Course Hero's video study guide provides in-depth summary and analysis of Canto 33 of Dante Alighieri's epic poem Inferno.

Inferno | Canto 33 | Summary


The sinner who is chewing on his neighbor raises his head and, wiping his mouth on the other's hair, tells Dante that he, Count Ugolino, gnaws his betrayer, Archbishop Ruggieri. Then he recounts how he had been shut up in a tower with his four young sons and had starved along with them after having been accused of betraying his kinsmen in Pisa. He remembers biting at his hands out of grief, and how his sons mistook this for hunger and offered their bodies as food, and how they all finally died of starvation.

Ugolino was a traitor, and he and his sons were starved to death as a punishment for Ugolino's betrayal of the city-state Pisa. Ugolino's story causes Dante to make an apostrophe addressed to Pisa, "the scandal of the people." It is unclear from the text whether Ugolino actually engaged in cannibalism when his "fasting had more force than grief," but his punishment suggests this may be the case, because he is gnawing his killer, Ruggieri.

Moving on to the next ring, Dante sees more sinners with their faces half buried in ice so they cannot look down as the others do. Their tears freeze as they weep, thus covering their eyes. He feels a wind, and asks Virgil about it. Virgil says Dante will soon see for himself what is causing the wind. One shade, Fra Alberigo, now begs Dante to scrape the ice from his eyes so he can weep for a bit until they ice over again. He also explains that he actually has no idea what his fate on Earth has been: sometimes, when someone becomes a traitor, his or her body is actually possessed by a demon, so that it may seem that the person is still alive when really the soul is in Hell. This, he says, is true of Branca Doria, who, Dante objects, is still alive on Earth.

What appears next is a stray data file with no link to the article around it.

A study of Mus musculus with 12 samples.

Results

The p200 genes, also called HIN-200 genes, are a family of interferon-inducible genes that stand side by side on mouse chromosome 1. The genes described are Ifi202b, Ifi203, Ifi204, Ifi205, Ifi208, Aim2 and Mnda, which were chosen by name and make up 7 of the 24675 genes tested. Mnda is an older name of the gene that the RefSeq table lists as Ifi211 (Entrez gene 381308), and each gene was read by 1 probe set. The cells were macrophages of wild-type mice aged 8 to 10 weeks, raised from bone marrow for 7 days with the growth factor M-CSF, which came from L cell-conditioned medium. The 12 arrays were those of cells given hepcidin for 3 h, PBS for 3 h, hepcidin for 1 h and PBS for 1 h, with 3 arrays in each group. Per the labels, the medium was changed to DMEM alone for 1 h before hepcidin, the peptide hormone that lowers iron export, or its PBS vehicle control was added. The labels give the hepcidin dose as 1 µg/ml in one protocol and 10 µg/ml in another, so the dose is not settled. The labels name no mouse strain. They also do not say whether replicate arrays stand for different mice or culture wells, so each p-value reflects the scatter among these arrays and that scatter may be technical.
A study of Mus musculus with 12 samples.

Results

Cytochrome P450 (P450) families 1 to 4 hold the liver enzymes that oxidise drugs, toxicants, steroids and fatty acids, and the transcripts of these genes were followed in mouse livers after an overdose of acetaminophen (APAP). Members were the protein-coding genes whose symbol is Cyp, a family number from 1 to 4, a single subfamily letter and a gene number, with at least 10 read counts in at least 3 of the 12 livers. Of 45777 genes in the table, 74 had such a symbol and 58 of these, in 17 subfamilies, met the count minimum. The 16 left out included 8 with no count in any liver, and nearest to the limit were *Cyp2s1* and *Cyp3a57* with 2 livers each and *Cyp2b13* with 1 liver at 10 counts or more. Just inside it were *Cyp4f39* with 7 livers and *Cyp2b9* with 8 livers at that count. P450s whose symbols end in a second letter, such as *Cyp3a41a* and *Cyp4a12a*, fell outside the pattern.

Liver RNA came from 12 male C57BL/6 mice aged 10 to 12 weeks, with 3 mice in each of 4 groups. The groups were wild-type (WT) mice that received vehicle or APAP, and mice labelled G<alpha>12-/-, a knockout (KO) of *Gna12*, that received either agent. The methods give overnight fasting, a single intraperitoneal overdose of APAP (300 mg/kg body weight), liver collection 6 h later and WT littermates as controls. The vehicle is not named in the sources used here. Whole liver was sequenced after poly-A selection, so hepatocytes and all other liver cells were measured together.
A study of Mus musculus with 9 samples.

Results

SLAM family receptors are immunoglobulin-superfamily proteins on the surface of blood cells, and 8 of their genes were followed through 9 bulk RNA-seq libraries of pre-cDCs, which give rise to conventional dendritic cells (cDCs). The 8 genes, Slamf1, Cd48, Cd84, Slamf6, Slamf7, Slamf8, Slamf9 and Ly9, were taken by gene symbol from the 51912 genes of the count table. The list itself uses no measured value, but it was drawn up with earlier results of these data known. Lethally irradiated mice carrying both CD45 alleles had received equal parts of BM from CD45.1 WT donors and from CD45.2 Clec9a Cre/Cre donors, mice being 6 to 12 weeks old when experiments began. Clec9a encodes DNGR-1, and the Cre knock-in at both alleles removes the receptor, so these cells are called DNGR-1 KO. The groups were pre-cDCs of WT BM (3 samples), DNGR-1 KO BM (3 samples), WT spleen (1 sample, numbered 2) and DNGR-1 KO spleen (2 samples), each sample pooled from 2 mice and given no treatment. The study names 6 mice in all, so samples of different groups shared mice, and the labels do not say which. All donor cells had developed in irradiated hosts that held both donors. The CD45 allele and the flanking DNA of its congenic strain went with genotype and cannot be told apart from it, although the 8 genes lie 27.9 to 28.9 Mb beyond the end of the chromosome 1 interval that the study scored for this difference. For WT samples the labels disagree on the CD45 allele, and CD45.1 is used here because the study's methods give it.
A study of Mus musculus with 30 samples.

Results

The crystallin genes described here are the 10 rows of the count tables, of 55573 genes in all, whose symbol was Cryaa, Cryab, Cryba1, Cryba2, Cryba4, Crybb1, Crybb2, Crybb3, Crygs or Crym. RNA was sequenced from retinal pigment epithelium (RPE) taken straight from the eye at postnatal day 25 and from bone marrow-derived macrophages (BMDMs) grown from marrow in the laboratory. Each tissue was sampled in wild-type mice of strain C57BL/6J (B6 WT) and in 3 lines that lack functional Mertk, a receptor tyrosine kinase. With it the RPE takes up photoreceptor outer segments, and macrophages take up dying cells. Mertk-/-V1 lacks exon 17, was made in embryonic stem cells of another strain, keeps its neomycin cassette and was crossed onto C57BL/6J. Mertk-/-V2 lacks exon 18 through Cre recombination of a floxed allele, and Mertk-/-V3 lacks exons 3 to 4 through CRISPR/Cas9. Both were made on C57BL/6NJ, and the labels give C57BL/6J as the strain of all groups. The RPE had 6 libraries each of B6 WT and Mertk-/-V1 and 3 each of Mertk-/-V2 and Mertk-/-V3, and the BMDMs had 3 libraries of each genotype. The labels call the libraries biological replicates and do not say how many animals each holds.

Analysis

Dante only mentions Ugolino's story in passing, in an apostrophe that accuses the Pisan government of unjustly punishing Ugolino's sons. For Dante the author, even the worst of traitors is not completely evil, and Ugolino's betrayal of his city does not negate or make invalid his love and grief for his sons, or the horror of what they underwent.

Dante's sense of God's justice is evident as Fra Alberigo asks him to scrape the ice from his eyes. Dante refuses, saying, "it was courtesy to show him rudeness." The canto draws a contrast between Dante's condemnation of the Pisan government, which is fallibly human and capable of unjustly punishing the innocent, and God, whose punishments may seem harsh but are always just. Alberigio (one of the Jovial Friars) is guilty of murdering guests at a banquet, a sin similar to that of Branca Doria, a Ghibelline who murdered his father-in-law at a banquet. Doria's murdered father-in-law, Michele Zanche, appeared in Canto 23 as a barrator.